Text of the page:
So, short prison sentences are back in the news again. Justice Minister, David Gauke was asked by the Justice Select Committee whether ministers should consider scrapping sentences of less than a year to combat “grave and worsening” safety in jails.
“Yes, we are considering our options here. This is a complex matter…I completely agree that reducing short sentences needs to be viewed in the context of improving the alternatives.”
Short prison sentences can do more harm than good
In February, Prisons Minister, Rory Stewart said that prison sentences of less than six months should be abolished in England and Wales, as they are less effective at reducing the rate of reoffending than community penalties. He argued that removing sentences of less than six months would ease pressure on prisons and that short sentences can do more harm than good,
“You bring somebody in for three or four weeks, they lose their house, their job, their family, their reputation. They come (into prison), they meet a lot of interesting characters to put it politely, and then you whap them onto the streets again. The public are safer if we have a good community sentence – and it will relieve a lot of pressure on prisons.”
According to statistics, almost two thirds of prisoners who are released after serving less than 12-month sentences reoffend within a year.
Official figures show a reduction in the level of crime over last 25 years (over 19m offences recorded in 1994 to 10.7m in 2018). Meanwhile, the prison population more than doubled in the same period. As a nation, we imprison a higher proportion of our population than all other western European countries.
Effectiveness of short prison sentences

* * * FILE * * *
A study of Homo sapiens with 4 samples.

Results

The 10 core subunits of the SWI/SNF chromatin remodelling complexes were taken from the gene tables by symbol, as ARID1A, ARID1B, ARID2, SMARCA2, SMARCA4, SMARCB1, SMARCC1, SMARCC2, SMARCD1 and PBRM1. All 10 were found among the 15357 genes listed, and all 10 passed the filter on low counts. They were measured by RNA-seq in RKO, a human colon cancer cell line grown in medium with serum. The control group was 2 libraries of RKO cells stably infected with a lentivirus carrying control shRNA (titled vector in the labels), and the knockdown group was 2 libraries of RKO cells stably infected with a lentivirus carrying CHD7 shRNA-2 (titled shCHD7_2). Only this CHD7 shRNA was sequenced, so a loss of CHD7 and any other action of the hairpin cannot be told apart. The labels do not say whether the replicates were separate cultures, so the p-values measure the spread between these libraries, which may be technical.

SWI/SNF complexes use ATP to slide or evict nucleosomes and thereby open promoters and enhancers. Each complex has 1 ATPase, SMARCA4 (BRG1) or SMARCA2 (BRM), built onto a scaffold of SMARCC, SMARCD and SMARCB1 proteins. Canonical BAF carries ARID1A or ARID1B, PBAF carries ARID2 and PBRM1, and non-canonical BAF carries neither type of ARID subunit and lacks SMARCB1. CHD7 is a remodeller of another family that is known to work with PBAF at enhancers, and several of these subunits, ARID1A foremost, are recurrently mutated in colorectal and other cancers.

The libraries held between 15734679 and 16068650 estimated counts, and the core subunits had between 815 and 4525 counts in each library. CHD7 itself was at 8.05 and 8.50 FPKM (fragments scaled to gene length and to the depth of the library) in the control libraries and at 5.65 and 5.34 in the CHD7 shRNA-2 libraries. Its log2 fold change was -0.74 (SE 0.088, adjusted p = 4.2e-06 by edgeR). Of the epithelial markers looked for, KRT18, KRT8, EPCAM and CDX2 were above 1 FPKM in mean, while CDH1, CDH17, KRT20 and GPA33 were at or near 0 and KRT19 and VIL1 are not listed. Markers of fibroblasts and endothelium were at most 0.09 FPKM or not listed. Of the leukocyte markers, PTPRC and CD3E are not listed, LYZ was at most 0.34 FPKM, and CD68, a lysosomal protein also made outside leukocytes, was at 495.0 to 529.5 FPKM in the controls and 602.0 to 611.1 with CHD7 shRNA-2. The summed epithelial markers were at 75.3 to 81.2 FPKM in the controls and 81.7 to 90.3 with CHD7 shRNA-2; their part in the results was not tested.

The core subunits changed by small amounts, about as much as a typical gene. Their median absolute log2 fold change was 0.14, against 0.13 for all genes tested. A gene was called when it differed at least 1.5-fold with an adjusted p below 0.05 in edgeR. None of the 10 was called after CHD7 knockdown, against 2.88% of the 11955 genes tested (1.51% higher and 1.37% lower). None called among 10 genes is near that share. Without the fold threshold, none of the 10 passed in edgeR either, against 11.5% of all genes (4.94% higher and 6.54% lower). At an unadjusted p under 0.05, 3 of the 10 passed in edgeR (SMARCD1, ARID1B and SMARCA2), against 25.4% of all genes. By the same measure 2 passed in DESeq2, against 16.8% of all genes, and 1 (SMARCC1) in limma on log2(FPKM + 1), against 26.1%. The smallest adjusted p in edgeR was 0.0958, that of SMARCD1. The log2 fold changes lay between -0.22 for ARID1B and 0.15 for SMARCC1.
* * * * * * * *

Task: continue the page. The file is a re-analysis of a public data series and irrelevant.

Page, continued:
Supporters of short sentences argue that they provide a short sharp shock deterrent. However, opponents argue that they offer little time for rehabilitation.
In the words of Prisons Minister Rory Stewart, short sentences are ‘long enough to damage you and not long enough to heal you’. Additionally, a short prison sentence can cause significant disruption to the offender’s life, such as future employability.
Opponents of short sentences favour robust community sentences aimed at rehabilitation as well as punishment, particularly for younger offenders. Moreover, community sentences have a reduced reoffending rate. However, a reduction in community sentencing was noted in a 2018 report from the Centre of Justice Innovation, which identified a breakdown in trust between magistrates and the probation services as its cause.
Wells Burcombe defence expertise
For anyone accused of a crime, the prospect of a prison sentence is of course a major concern. Our expert defence lawyers will work with you to clear you of charges or to ensure that you receive a fair sentence, where all mitigating factors are taken into account. We will identify the strengths and weaknesses of your case and advise you of the pros and cons of pleading guilty or not guilty, taking both the law and your individual circumstances into account.
For information on sentencing, or to discuss a specific case with a specialist defence lawyer, please contact Wells Burcombe in London (West Drayton) on 01895 449288 or in Hertfordshire (St Albans) on 01727 840900 or by email via our contact page.